He spent his last day with us gnawing a great bone. As he left, 20 month old Caito called out, “Bye Bodhi out there!”.
He walked or rode with us, me on my hand cycle, nearly every day and was fondly greeted on neighboring streets and roads, sometimes as we sped downhill, his black ears flopping.
He was a joy to so many who came to our home and offices. He shared our couches often with them, his fur smoothed by hands moistened with tears, a comforting presence. Simply spending an hour with him was often more helpful than any words we offered.
The difficulty of the decision to let him go to the bardo world illuminates the chasm between the word and fact of impermanence. Both the concept and its experience do not remove sorrow, but perhaps ease it.
On Monday morning, I called the vet to say we were prepared to let Bodhi go, but I couldn’t say it and handed the phone to Sheila who, as with everything, was able to do what needed to be done. Later that day, as I watched and took every effort of his to join us at meals and wag of his tail as a sign of rally, I cancelled the vet’s visit.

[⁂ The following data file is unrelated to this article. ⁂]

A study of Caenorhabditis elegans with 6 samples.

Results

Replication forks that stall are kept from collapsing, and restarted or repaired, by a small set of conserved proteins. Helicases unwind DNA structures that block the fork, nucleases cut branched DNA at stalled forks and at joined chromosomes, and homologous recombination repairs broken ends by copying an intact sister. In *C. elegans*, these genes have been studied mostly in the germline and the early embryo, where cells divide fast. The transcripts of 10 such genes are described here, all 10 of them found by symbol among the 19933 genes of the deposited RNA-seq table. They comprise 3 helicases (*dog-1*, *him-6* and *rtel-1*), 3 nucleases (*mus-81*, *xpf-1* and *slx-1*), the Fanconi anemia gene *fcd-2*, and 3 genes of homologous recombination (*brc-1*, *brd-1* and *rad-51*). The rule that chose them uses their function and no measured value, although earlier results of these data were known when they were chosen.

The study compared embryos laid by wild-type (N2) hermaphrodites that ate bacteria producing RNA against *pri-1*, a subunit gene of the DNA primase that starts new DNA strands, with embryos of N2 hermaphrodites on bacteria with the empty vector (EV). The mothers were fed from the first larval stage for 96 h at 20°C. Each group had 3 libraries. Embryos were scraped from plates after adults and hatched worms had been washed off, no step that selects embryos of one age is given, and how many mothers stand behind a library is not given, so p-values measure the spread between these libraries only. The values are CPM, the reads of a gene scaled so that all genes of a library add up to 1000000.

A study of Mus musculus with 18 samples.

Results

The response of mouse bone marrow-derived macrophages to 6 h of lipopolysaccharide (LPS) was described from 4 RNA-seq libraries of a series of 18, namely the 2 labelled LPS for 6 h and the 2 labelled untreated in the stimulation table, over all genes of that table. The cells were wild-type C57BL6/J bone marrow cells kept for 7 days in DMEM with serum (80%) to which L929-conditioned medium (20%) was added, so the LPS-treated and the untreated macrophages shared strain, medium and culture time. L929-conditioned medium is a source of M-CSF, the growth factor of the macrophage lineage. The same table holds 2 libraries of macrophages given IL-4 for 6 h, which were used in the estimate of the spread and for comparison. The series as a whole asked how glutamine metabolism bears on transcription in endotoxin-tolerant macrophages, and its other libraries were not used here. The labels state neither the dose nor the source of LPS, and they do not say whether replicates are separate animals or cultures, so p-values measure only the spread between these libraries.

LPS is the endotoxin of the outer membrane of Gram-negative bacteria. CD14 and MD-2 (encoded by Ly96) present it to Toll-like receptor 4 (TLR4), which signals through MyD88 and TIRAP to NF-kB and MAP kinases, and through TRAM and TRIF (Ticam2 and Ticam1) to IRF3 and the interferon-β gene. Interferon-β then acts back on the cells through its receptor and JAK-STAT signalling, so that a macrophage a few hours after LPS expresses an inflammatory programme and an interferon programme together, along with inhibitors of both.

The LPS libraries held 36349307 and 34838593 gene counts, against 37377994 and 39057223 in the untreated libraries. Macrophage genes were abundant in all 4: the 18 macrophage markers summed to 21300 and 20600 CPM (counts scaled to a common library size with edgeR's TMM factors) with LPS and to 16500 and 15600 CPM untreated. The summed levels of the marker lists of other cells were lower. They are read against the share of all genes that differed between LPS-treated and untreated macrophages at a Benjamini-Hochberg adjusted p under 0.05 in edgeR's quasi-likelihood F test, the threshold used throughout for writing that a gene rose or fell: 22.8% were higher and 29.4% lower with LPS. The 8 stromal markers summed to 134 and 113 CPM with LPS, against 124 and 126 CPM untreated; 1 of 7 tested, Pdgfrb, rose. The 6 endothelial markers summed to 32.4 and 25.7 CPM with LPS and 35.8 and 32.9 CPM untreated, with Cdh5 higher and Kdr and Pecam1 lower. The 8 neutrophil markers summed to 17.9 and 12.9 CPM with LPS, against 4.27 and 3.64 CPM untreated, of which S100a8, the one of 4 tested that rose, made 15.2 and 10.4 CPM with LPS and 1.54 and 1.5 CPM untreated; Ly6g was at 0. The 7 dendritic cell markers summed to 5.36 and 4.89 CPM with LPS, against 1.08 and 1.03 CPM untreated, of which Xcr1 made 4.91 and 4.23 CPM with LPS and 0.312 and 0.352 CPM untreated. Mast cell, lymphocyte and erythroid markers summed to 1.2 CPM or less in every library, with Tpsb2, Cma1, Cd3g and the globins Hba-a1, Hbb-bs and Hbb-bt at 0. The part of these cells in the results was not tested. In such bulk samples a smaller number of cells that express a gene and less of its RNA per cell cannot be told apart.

At 130 Tuesday morning, Sheila was awakened by my crying and I told her if I could have Bodhi next to me in bed the rest of the night, unable as I was to lift him from my wheelchair, I would be ready. So we lay, paws and hands together, and then the sun rose. As Bodhi means enlightened, and so he was, a teacher for me as are all good dogs and animal companions, our grief is soothed by memories, such as the “waggie, waggie” of his tail each morning when Caito said, “Hi, Bodhi” or “Bye.